Published online by Cambridge University Press:  12 August 2021

Jeffrey Cohen
Affiliation:
Arizona State University
Stephanie Foote
Affiliation:
West Virginia University

This chapter examines some of the more powerful encounters between feminism and environmentalism to offer the reader an understanding of both historic points of tension and opportunities for rich collaboration. Reading the environmental humanities broadly, the chapter highlights diverse lines of feminist research that drive toward more just, inclusive, and ecologically vibrant futures. It focuses on critical feminist work that challenges hegemonic conceptions of gender and nature, the body and place, and dominant understandings of knowledge production. The reader will become acquainted with key concepts such as essentialism, intersectionality, the nature/culture dualism, environmental justice, and the anthropocene, and with key subfields including ecofeminism, feminist science studies, corporeal feminism, and biopolitics.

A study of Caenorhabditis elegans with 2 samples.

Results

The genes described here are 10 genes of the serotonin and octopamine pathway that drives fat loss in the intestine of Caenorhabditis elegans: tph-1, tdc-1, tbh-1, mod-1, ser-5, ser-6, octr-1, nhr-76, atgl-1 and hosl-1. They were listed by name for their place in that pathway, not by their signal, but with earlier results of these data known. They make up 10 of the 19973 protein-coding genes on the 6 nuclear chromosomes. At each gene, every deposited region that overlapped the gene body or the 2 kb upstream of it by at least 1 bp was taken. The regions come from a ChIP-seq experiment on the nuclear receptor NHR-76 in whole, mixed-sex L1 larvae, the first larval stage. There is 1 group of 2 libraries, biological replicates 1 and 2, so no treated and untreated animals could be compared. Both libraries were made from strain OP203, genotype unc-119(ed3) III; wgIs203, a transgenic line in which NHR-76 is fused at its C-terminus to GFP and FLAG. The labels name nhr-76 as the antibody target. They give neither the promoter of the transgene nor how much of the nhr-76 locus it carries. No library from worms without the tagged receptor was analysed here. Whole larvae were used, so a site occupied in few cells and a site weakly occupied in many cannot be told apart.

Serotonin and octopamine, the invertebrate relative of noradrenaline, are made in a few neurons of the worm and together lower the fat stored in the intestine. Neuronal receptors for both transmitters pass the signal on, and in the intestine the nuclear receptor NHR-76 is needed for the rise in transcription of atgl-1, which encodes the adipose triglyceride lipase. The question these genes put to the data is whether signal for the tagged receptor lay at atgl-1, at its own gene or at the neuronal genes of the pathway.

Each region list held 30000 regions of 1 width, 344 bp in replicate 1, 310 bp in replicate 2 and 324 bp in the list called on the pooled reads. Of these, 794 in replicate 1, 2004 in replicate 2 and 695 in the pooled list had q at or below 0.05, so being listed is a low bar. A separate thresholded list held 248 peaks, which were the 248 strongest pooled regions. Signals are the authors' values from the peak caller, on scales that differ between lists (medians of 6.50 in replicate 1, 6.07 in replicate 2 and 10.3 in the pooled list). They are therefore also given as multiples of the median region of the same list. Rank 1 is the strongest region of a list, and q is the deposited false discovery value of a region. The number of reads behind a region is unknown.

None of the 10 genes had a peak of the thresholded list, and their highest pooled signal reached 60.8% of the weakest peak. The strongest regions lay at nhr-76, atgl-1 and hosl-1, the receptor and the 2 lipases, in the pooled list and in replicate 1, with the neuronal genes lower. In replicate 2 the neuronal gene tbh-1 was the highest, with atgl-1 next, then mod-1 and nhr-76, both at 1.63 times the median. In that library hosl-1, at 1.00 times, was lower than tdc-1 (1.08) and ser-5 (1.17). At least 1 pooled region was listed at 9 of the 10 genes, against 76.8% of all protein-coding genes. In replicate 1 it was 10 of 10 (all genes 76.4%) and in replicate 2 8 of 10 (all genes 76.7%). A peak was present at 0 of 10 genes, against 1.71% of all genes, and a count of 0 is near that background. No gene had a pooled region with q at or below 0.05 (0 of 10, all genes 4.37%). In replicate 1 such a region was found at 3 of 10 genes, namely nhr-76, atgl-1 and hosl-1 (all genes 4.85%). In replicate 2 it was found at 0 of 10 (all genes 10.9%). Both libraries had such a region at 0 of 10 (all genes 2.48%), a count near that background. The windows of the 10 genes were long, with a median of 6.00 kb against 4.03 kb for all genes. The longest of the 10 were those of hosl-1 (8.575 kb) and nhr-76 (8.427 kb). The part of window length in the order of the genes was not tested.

Print publication year: 2021


Further Reading

Ahmed, Sara. 2017. Living a Feminist Life. Durham: Duke University Press.
Austin, Mary. 1903. The Land of Little Rain. New York: Houghton Mifflin.
Deming, Alison Hawthorne and Savoy, Lauret E. (eds.). 2011. The Colors of Nature: Culture, Identity and the Natural World. Minneapolis: Milkweed Editions.
Kimmerer, Robin Wall. 2013. Braiding Sweetgrass: Indigenous Wisdom, Scientific Knowledge, and the Teachings of Plants. Minneapolis: Milkweed Editions.
MacGregor, Sherilyn, ed. 2017. Routledge Handbook of Gender and Environment. London: Routledge.